Biosecurity involves measures designed to prevent the entry and spread of plants, animals or diseases.
The oil and gas industry uses a risk-based and system-wide approach to address biosecurity threats resulting from the movement of vehicles and ships.
Every oil and gas project – whether onshore or offshore – must specifically address biosecurity in its environmental plans.
Onshore biosecurity focuses on preventing, minimising and/or controlling the spread of pest animal species, harmful weeds, and soil and plant disease.
In Queensland, where most of Australia’s onshore oil and gas exploration and production is now occurring, companies have employed biosecurity specialists to minimise the risk of spreading unwanted plant and animal species.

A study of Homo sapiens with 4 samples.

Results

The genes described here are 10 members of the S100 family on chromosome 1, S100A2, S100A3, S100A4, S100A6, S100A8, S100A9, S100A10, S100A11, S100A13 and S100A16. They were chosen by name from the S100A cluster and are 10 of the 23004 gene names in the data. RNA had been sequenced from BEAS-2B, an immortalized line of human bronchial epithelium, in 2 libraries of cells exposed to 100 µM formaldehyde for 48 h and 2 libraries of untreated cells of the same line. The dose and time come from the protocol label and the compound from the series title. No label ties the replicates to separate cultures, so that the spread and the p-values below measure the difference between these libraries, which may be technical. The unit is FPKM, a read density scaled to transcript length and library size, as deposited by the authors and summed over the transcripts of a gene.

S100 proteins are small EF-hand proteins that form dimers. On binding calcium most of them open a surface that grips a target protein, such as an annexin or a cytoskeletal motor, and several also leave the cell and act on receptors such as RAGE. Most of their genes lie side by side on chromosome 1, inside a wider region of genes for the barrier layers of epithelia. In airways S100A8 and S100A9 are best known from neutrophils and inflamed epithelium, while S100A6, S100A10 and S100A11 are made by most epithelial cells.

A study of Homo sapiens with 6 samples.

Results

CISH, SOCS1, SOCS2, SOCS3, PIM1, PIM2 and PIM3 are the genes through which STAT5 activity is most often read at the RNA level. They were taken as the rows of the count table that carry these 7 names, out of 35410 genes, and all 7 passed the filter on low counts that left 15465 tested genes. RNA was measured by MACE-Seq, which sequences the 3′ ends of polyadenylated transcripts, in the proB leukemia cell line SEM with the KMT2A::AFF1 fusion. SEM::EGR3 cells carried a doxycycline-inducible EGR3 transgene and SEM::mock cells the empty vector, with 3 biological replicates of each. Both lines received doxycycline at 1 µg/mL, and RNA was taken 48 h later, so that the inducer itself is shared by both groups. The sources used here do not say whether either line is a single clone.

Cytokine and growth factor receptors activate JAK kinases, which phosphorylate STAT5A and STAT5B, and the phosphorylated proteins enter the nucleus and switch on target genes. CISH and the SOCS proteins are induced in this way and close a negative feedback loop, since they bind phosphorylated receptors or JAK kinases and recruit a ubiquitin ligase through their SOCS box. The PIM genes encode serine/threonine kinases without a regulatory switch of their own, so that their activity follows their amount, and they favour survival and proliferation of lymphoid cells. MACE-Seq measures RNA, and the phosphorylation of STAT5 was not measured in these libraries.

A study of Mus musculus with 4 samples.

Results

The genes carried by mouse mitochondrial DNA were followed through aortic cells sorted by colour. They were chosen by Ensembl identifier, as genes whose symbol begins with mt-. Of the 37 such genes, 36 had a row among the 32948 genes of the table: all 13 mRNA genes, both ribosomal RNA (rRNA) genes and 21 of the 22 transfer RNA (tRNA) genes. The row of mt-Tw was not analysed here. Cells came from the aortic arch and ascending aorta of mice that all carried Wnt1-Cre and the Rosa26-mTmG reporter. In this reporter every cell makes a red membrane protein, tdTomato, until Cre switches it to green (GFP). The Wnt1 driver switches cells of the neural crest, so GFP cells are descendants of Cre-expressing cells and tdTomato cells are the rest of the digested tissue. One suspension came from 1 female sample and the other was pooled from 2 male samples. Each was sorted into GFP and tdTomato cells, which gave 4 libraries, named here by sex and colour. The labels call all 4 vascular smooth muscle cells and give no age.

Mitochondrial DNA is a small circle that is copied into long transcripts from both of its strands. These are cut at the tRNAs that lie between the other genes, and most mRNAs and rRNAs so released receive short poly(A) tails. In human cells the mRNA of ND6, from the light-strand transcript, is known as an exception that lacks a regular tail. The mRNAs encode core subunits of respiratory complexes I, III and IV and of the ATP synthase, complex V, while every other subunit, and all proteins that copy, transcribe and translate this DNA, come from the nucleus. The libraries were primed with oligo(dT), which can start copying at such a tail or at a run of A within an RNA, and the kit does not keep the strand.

The highest risk of weed spread occurs in earth-moving and construction activities. Strict wash-down processes are in place to minimise this risk.
Ballast water exchange is a major pathway for the spread of marine pests. It is estimated that up to 30% of the invasive marine species in Australia have arrived via ballast water.
Australia’s standards for marine biosecurity are consistent with those of the International Maritime Organization (IMO).
All ships must discharge or exchange ballast water at least 12 nautical miles from the Australian coastline.
In addition, all overseas vessels – including liquefied natural gas (LNG) vessels – arriving in Australia are required to submit a biosecurity Pre-Arrival Report (PAR) to the Department of Agriculture and Water Resources within 12 to 96 hours before entering Australian ports.
Where the vessel is intending to discharge ballast water in a port, a Ballast Water Report is also required. The department conducts ballast water and general biosecurity compliance verification inspections onboard vessels.